Valencia Thomas, MD, MHCM, discusses how the management of care for patients with non-melanoma skin cancers has changed over the past decade.
Valencia Thomas, MD, MHCM, Department of Dermatology, Division of Internal Medicine, MD Anderson Cancer Center, discusses how the management of care for patients with non-melanoma skin cancers has changed over the past decade.
Improvements in technology, research, and therapies have helped improve the prognosis of patients with non-melanoma skin cancers, including advanced disease, highly aggressive disease, and disease with distant metastases.
There are a variety of new and innovative options for patients with advanced stage non-melanoma skin cancers to choose from. Immunotherapy, medications to aid the body’s immune system, surgical intervention, radiation, chemotherapy, targeted therapies are all potential options for use in this patient population.
0:08 | The management of non-melanoma skin cancer has evolved over the years because with every year that passes, we integrate innovations in technology, in pharmaceuticals, and in epidemiology where we have more data to help guide our treatment than 10 years ago. Certain tumors that were at an advanced stage had a prognosis that was very grim for advanced disease and disease with distant metastases.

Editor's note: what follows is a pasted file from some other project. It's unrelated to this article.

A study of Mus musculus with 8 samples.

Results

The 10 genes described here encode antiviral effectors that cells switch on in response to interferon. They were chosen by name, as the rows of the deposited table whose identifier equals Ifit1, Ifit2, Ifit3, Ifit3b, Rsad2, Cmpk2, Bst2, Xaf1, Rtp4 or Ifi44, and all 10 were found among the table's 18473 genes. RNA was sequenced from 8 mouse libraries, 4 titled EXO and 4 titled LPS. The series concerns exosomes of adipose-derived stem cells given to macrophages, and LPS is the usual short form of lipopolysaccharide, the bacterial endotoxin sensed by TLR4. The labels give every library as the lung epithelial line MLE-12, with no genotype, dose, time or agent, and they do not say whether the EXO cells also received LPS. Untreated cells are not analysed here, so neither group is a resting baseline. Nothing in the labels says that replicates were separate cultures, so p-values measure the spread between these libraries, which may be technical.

0:45 | When we look at these highly aggressive advanced stage non-melanoma skin cancers, a lot of the landscape has changed with the advent of immunotherapy. There are many different medications that are now available that aid the body's immune system in detecting and defeating skin cancers. When combined with some of our traditional therapies and our traditional intervention, both surgical and radiation, we can get to an unexpected outcome compared to what we were seeing 10 years ago. Whereas surgery and radiation were sometimes the best option, now we're seeing situations where a little bit of medicine, some of our targeted therapy or chemotherapy options plus or minus radiation, are really changing the landscape.
1:55 | We're getting much better at targeting diseases. For example, a subtype of sarcoma, dermatofibrosarcoma protuberans, has a targeted therapy that attacks the mutation that is present in over 90% of the sarcomas, where a growth factor is next to a collagen team, to the cells that make the collagen grow. Only those cells are affected when the medication is given. Instead of having the chemotherapy of yesteryear that made many people sick, we now have chemotherapy and targeted therapy that can target only the tumor and give us wonderful outcomes. That cancer becomes a chronic disease rather than a fatal disease.